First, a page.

Unless you grew up with hippie parents who were regulars at a hole-in-the-wall health-food store, you probably didn’t have a clue about quinoa until recently. Now the superfood’s stocked at big-box retailers, and its amped-up nutrition profile is leaving your go-to grains, like brown rice, in the dust.
So, what exactly makes the obscure-sounding protein source so worthy of our attention?
- Quinoa is the only grain that’s a complete protein, meaning it contains all nine essential amino acids, says Jackie Newgent, R.D., author of 1,000 Low-Calorie Recipes. It’s an ideal protein source for vegetarians and vegans.
- Quinoa packs a filling combo of 8g of protein and 6g of fiber per cooked cup.
- The grain’s also a good source of iron. One cooked cup takes care of about 15% of your daily requirement.
- Quinoa is a super-versatile cooking ingredient. Served hot or cold, the grain comes in three varieties: white, red, and black. White’s the most popular and has a very mild flavor, while red and black quinoa taste nuttier and earthier.
To cook quinoa, the general rule is to add 1 cup of dried quinoa to 2 cups liquid inside a pot. Boil, cover, and let simmer for about 20 minutes. Remove from heat and let sit for about 5 minutes.
Now that the basics are out of the way, you’re ready to work the supergrain into your meals and snacks, and we’ve got seven ways to help you do it.
For a filling salad that’s healthier than mayo-based sides, try this. Mix 3 diced apples, ½ cup finely chopped celery, and 1 cup cooled quinoa in a bowl. In a separate bowl, whisk together ⅔ cup Greek yogurt, 1 tsp Dijon mustard, 1 tsp lime juice, 1 tsp horseradish, and ½ tsp each salt and pepper. Combine all ingredients and enjoy.
Use quinoa in place of rice to bring new life (and an extra punch of protein) to the dinners you return to again and again. Toss quinoa into a stir-fry, add it to chili, or use it to bulk up a bowl of soup.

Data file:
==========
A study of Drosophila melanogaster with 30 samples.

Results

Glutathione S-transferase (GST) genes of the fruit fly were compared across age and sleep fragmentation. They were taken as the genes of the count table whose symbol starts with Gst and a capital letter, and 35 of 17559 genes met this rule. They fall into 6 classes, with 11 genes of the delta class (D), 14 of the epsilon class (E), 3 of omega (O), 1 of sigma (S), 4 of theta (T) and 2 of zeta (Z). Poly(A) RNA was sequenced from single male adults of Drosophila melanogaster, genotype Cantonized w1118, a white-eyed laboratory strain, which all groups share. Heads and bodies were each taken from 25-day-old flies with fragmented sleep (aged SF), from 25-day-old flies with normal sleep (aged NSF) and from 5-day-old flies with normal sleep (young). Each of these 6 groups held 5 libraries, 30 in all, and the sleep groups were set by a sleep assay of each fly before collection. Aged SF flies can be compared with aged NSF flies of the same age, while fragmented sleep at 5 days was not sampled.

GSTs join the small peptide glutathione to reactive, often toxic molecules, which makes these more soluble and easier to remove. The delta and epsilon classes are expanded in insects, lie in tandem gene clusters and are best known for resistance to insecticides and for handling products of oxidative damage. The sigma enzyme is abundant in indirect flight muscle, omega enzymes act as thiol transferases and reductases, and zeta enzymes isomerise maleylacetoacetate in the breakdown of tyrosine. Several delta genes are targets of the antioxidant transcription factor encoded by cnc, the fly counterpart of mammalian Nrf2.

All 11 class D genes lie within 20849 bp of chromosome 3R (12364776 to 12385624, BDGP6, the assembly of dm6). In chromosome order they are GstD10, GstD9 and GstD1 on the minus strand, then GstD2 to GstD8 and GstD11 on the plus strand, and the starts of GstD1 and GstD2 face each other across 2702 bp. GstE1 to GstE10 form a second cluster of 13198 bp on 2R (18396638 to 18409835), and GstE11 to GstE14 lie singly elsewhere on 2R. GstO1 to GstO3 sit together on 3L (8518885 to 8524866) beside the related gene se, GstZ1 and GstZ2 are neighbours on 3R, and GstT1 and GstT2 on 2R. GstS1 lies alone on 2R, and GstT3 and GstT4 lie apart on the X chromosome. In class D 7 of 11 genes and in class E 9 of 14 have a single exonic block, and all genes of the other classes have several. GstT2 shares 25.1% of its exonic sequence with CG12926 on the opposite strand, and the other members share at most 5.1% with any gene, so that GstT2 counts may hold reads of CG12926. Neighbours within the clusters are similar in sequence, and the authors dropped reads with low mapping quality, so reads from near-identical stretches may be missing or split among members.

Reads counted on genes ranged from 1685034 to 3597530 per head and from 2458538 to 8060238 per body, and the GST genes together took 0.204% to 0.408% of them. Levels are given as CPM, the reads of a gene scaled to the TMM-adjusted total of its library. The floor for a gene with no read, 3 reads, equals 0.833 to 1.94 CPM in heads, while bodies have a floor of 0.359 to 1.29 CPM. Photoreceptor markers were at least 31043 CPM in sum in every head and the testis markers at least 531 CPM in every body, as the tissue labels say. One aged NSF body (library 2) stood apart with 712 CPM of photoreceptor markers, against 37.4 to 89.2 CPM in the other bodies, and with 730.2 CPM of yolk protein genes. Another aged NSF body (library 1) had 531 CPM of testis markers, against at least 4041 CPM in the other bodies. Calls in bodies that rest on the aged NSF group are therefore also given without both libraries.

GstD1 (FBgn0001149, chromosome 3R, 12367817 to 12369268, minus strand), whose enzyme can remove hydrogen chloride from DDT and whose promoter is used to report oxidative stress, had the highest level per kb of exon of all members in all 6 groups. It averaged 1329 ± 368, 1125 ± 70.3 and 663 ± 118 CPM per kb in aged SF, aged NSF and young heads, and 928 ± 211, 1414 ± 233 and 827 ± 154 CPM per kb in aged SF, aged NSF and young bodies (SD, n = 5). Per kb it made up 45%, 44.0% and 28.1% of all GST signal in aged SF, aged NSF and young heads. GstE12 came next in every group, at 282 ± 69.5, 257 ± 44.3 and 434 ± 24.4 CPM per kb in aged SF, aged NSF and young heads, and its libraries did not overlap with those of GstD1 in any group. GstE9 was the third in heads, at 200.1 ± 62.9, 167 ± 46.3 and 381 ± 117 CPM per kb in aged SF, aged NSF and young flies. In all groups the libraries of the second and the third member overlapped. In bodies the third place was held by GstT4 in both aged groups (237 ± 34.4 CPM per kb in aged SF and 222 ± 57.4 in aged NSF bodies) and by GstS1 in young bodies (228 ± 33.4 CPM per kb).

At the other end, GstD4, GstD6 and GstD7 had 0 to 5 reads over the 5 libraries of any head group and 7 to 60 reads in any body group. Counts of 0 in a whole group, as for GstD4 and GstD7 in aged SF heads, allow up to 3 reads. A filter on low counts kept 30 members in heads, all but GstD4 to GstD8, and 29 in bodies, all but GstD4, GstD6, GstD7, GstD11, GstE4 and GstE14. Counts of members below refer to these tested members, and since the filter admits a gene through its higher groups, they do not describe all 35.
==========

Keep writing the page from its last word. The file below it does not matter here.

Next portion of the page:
There’s nothing like a warm and hearty breakfast to start your day off on the right foot. Try Spiced Berry Breakfast Quinoa: Add 1 tbsp grapeseed oil to a saucepan over medium heat. Add 1 cup dry quinoa, 1 tsp fennel seeds, ¼ tsp ground cinnamon, ¼ tsp cardamom, and a pinch of nutmeg. Cook, stirring frequently, until quinoa is lightly toasted, about 3 minutes. Remove saucepan from heat, stir in 2¼ cups milk, and return pan to heat. Bring to a boil. Reduce heat to low, cover, and simmer for about 15 minutes or until most of the milk has been absorbed. Spoon into a bowl and top with fresh berries.
Chips and dips don’t supply you with much protein, so don’t be shocked when you hit the bottom of a bag or bowl and still don’t feel satisfied. The next time you’ve got the game on, try this trick. Add cooked quinoa to your favorite salsa or guacamole and stir. See? You can’t even taste it.
Sketched out by ingredients you can’t pronounce? Skip supplements and add ground quinoa to your next post-workout shake or smoothie for a boost of all-natural, real-food protein.
For a flavorful alternative to the paper-thin patties stacked in the freezer section, make your own. Mash 1 can black beans in a bowl until chunky. Add in ½ cup cooked red quinoa, ½ cup each finely chopped mushrooms and onions, ¼ cup chopped sundried tomatoes, ¼ cup parmesan cheese, and 1 tsp Worcestershire sauce. Sprinkle with salt and pepper to taste, and form the mixture into 4 patties. Add a small amount of oil to a nonstick pan and cook for about 3 minutes per side until lightly browned and heated through. Top with sliced avocado or cheese and serve on a whole-grain bun.
Stumped over how to round out a plate of grilled chicken and vegetables? This easy side complements any meal. Drizzle cooked quinoa with olive oil, combine with your favorite herbs, and serve. Boost flavor even more by cooking quinoa in low-sodium chicken or vegetable broth, or by adding a splash of your favorite fruit juice.